Union Leader Receives Unofficial Warning To Return to Prison or Lose $140,000 Bail
Labor rights activist Jafar Azimzadeh has been told that he must return to Evin Prison in Tehran by January 13, 2017 or his guarantor will lose 450 million tomans ($140,000 USD). However, an informed source told the International Campaign for Human Rights in Iran that Azimzadeh will not abide without an official summons.
“Mr. Azimzadeh has not personally received a written summons to go back to prison. He has only been ordered to over the phone, but that’s not an official summons,” said the source. “Mr. Azimzadeh also believes the prison sentence against him is unlawful and says that if the authorities insist, they can come and illegally arrest him at his home in the same old, usual way.”
The Campaign has obtained a copy of the written version of the non-official warning that was sent by the Tehran prosecutor’s office to Parvin Mohammadi, the guarantor, on December 14, 2016. According to Iranian law, convicts sentenced to prison time must receive an official written summons before being required to surrender themselves.
The chairman of the Free Workers Union of Iran was sentenced to six years in prison in March 2015 for “assembly and collusion against national security” and “propaganda against the state.”
While imprisoned and awaiting a decision on his appeal, he endured a 64-day hunger strike to demand furlough (temporary leave), which was granted on June 30, 2016 after his guarantor posted $140,000 USD in bail.
However, while he was on leave, Azimzadeh and union member Shapour Ehsani-Rad were sentenced to 11 years in prison each in September 2016 for “assembly and collusion against national security” and “propaganda against the state” by the Criminal Court in the city of Saveh, 76 miles southwest of Tehran.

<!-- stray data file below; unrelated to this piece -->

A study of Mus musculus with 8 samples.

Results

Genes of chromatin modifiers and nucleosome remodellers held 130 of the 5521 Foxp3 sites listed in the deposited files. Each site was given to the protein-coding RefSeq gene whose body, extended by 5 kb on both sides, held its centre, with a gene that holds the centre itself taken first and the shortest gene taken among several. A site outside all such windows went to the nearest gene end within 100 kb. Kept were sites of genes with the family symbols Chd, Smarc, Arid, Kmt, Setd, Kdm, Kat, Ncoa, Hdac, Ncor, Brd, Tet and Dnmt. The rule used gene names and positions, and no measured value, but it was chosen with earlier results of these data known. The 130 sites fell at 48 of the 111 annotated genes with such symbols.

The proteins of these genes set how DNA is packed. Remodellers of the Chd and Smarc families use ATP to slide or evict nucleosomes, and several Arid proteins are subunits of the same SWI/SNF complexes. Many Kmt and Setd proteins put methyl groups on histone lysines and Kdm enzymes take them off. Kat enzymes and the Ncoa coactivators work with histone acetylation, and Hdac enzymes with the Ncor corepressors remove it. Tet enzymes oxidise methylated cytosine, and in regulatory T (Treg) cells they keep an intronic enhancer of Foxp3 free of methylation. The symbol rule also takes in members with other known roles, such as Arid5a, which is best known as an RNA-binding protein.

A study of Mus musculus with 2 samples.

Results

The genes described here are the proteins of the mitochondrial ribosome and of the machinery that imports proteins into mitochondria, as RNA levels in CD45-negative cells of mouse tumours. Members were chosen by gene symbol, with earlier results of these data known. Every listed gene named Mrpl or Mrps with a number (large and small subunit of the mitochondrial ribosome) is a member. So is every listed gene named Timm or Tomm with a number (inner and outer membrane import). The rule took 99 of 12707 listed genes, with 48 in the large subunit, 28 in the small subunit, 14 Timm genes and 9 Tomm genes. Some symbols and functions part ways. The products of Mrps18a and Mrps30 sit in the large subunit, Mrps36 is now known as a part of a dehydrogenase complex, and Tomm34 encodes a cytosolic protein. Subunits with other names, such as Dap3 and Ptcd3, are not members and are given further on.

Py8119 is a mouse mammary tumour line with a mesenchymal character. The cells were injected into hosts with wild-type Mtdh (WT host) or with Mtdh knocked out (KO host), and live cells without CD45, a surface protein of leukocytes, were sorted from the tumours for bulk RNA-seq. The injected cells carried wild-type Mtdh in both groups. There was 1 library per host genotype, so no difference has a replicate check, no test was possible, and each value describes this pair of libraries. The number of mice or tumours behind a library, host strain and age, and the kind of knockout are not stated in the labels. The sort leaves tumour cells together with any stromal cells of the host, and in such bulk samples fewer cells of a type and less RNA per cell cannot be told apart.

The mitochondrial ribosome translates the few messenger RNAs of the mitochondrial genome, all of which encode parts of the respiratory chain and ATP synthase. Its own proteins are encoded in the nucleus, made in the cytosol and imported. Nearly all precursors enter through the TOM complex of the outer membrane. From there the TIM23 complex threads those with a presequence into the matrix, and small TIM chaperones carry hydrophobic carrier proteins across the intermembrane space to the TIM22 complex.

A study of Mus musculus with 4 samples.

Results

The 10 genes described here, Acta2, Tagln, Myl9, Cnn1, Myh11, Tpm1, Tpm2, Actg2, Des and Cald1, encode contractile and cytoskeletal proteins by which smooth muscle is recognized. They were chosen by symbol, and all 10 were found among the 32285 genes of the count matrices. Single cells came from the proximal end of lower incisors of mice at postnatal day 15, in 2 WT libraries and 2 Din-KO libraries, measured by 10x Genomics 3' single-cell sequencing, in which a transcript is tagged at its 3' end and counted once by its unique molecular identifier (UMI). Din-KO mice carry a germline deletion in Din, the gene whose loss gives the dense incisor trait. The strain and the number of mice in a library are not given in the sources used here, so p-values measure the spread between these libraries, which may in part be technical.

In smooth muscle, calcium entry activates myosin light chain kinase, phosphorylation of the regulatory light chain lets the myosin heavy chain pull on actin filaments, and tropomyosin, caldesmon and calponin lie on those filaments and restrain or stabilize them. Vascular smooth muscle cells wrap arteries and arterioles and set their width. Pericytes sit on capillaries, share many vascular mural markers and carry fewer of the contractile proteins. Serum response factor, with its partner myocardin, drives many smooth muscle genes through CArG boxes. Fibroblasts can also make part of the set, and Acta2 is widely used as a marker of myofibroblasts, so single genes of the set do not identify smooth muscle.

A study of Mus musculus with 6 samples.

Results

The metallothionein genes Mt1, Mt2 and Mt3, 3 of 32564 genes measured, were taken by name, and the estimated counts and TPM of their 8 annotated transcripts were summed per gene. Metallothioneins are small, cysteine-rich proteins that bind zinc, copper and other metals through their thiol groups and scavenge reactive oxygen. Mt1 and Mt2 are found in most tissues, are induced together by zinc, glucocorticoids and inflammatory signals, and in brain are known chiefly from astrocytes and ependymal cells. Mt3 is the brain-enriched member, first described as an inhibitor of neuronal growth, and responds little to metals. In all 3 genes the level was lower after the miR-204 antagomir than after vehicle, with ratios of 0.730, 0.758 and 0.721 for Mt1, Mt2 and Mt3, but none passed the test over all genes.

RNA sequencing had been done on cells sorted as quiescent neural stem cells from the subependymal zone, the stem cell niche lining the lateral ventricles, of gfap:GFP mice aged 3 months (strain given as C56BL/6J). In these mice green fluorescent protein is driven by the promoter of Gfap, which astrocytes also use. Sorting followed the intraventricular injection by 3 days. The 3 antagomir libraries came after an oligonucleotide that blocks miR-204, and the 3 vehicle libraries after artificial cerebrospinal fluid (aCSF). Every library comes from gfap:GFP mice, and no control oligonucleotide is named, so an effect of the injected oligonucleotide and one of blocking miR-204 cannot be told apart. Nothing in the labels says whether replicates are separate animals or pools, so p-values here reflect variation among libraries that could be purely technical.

Azimzadeh and Ehsani-Rad had been accused by the Safa Rolling and Pipe Mills Company of provoking its workers—who had gone several months without paid wages and benefits—to go on strike.
“This case doesn’t have any legal foundation,” an informed told the Campaign at the time. “Mr. Azimzadeh was already prosecuted and jailed for all the charges mentioned in this case. You cannot prosecute someone twice for the same crime, but the security establishment is not very concerned about following the law or respecting rights; they recycle these cases to make it easier to prosecute those who continue their activities.”
Iranian law prohibits the re-prosecution and interrogation of individuals on the same charges.
According to the Free Workers Union’s Articles of Association: “The Union sees itself as a vessel for achieving the rights of all workers in Iran and attaining a humane living standard for the working class based on contemporary advances.”
Labor activism in Iran is seen as a national security offense; independent labor unions are not allowed to function, strikers are often fired and risk arrest, and labor leaders are consistently prosecuted under catchall national security charges and sentenced to long prison terms.